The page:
Revitalizing urban communities requires developing a local economy that utilizes the skills of its residents. This means casting off an economic model that masks the talents and creativity of individuals by exploiting workers, endangering public health, and consuming open space.
Often the most threatened are communities of color that have suffered economic collapse or the flight of the middle class. In the South Bronx these persistent problems were met with the siting of industrial and waste-handling facilities as a means to create economic opportunities. Instead they have created a myriad of public health problems and stripped the power of the community to build its own institutions. Now the South Bronx is struggling with an asthma rate 7 times higher then the national average, 40 percent of New York City’s commercial waste, and less then 1/2 acre of open space per 1,000 residents, which contributes to the growing incidence of obesity.
Building a new economy is first of all about rebuilding a sense of pride in the neighborhoods of the South Bronx. Opening new green space in the heavily developed area gives community members a place to congregate, exercise, and engage with their neighbors. These informal interactions begin to develop alliances of people and organizations who will then initiate community actions.
A life-long resident of the Hunts Point neighborhood in the South Bronx, Majora Carter started Sustainable South Bronx as a means of opposing the unfair burden imposed by outside regulation and of leveraging the changes that will lead to a safe and sustainable community for her neighbors. The mission of Sustainable South Bronx is to achieve “environmental justice through innovative, economically sustainable projects that are informed by community needs.” Carter knows that it is necessary to oppose the regulations that harm the residents of her community, but she also believes that power lies in “giving our community permission to dream, to plan for healthy air, healthy jobs, healthy children, and safe streets.”
The programs of Sustainable South Bronx not only create a more liveable environment for residents, they are transforming the very things that degraded their community into new jobs and added value.
The organization’s keystone project is a community-led plan for a pedestrian/bicycle greenway to provide much needed open space, waterfront access, and opportunities for mixed-use economic development. These measures will reconnect neighborhoods that have long been divided by dangerous thoroughfares and industrial development.
Sustainable South Bronx advocates for the just siting of new power stations but also seeks ways to decrease the need for these new structures. For example, it acts as a consultant for the installation of “green roofs.” By placing soil and vegetation on roofs, costs associated with cooling are reduced, the speed of rainwater runoff is slowed, air quality is improved, and rooftop-grown vegetables thrive. By decreasing the local need for electricity these installations give support to the fight against locating more power plants in the South Bronx.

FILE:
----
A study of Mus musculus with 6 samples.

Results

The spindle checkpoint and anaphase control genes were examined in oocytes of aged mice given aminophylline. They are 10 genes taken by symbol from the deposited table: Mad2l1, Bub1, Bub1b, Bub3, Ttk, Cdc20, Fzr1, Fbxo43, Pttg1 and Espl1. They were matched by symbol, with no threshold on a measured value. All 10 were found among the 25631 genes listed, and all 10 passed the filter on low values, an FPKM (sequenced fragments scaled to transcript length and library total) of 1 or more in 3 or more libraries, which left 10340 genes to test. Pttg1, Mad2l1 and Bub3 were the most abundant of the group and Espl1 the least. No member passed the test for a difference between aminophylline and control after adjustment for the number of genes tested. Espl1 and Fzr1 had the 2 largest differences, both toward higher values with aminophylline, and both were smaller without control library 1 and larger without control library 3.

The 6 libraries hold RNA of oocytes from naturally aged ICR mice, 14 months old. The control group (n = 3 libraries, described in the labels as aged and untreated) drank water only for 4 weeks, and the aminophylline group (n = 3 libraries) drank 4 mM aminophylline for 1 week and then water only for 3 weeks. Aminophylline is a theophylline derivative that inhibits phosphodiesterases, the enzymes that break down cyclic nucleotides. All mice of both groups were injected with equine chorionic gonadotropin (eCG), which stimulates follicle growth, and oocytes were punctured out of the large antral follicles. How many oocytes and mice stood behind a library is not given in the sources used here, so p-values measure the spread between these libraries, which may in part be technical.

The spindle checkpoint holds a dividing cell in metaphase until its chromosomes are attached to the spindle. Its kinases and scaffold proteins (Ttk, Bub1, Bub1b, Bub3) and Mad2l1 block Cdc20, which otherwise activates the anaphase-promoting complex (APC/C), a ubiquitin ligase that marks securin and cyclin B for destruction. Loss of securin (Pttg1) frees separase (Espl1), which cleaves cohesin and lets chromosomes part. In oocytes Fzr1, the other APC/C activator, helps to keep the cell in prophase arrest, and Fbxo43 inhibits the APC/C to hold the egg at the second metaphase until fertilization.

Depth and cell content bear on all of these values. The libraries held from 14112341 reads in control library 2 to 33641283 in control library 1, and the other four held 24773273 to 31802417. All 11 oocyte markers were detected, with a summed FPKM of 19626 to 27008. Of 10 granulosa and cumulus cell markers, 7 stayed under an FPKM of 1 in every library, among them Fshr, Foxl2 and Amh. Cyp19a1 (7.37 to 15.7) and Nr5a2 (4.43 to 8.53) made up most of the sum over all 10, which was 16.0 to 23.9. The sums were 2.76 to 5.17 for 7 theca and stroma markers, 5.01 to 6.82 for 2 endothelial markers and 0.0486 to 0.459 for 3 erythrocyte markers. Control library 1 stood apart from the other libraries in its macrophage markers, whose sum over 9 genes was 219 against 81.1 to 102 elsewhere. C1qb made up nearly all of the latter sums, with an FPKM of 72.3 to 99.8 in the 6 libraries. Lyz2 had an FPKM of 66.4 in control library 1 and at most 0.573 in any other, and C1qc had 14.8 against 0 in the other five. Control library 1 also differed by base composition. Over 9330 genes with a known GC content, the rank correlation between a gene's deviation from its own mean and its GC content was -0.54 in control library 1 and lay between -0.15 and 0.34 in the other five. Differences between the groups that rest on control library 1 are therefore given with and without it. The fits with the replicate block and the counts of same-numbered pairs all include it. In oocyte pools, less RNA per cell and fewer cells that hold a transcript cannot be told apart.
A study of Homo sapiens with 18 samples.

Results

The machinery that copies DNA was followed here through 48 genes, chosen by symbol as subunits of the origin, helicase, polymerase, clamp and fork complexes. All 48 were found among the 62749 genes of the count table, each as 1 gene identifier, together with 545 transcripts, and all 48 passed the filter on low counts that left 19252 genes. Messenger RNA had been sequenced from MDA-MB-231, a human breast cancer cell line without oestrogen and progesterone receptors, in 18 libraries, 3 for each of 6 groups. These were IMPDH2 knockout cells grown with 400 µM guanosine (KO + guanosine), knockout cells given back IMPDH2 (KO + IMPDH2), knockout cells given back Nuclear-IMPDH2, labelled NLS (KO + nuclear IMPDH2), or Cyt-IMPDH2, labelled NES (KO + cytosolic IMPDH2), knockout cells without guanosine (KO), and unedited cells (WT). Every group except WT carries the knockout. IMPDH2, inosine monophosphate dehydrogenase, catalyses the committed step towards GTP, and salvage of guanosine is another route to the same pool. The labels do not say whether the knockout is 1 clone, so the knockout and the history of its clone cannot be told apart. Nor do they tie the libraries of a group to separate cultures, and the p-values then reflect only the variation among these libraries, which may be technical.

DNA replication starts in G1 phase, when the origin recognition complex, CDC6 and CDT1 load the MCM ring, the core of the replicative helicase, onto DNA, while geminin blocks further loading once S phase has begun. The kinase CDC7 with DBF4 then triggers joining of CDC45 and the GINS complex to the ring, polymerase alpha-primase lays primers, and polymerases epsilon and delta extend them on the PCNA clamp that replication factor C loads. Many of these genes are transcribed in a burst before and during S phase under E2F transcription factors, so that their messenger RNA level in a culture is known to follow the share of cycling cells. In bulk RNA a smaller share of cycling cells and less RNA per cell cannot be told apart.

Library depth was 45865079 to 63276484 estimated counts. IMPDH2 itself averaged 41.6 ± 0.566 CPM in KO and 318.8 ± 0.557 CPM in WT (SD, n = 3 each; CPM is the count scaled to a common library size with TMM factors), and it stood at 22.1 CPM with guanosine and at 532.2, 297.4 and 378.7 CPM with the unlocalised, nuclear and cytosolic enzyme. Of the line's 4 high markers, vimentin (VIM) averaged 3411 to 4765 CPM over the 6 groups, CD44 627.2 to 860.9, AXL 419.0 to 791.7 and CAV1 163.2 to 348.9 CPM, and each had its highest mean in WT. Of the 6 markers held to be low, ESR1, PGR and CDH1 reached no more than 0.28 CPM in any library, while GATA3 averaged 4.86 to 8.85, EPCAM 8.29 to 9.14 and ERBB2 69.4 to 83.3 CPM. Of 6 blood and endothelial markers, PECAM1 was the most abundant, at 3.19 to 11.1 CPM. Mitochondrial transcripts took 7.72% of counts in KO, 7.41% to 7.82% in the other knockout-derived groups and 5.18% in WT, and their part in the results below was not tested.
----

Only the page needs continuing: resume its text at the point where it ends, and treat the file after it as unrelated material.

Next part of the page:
The “Green the Ghetto” initiative is expanding the job market for environmental professionals. Rather then lose jobs to outside contracts Sustainable South Bronx developed the Bronx Environmental Stewardship Training program. The 10-week program trains individuals in riverine and estuarine restoration, plant identification, and nursery management. Trainees also obtain valuable certification. The skills they gain enable them to improve the health of their community.
Sustainable South Bronx is involved with partnering organizations in bringing additional “green collar jobs” to their area. The planned Bronx Industrial Recycling Park will house a collection of businesses in which the waste and by-products of one business can be the raw material for another one. The Park will reduce the generation and export of waste from The Bronx, assist in shutting down existing truck-reliant waste-transfer stations in the South Bronx, and provide 300-500 quality jobs to residents.
Majora Carter has shaped a positive environment where residents can again take pride in their community. She is a powerful voice for an environmentalism that includes social and economic concerns.
Majora Carter, Charles Turner, and Michael Shuman will be speaking at the Annual E. F. Schumacher Lectures on October 27, 2007, at the Mahaiwe Performing Arts Center in Great Barrington, Massachusetts. Tickets are 20 BerkShares or 20 dollars and 15 BerkShares/15 dollars for members/students/seniors.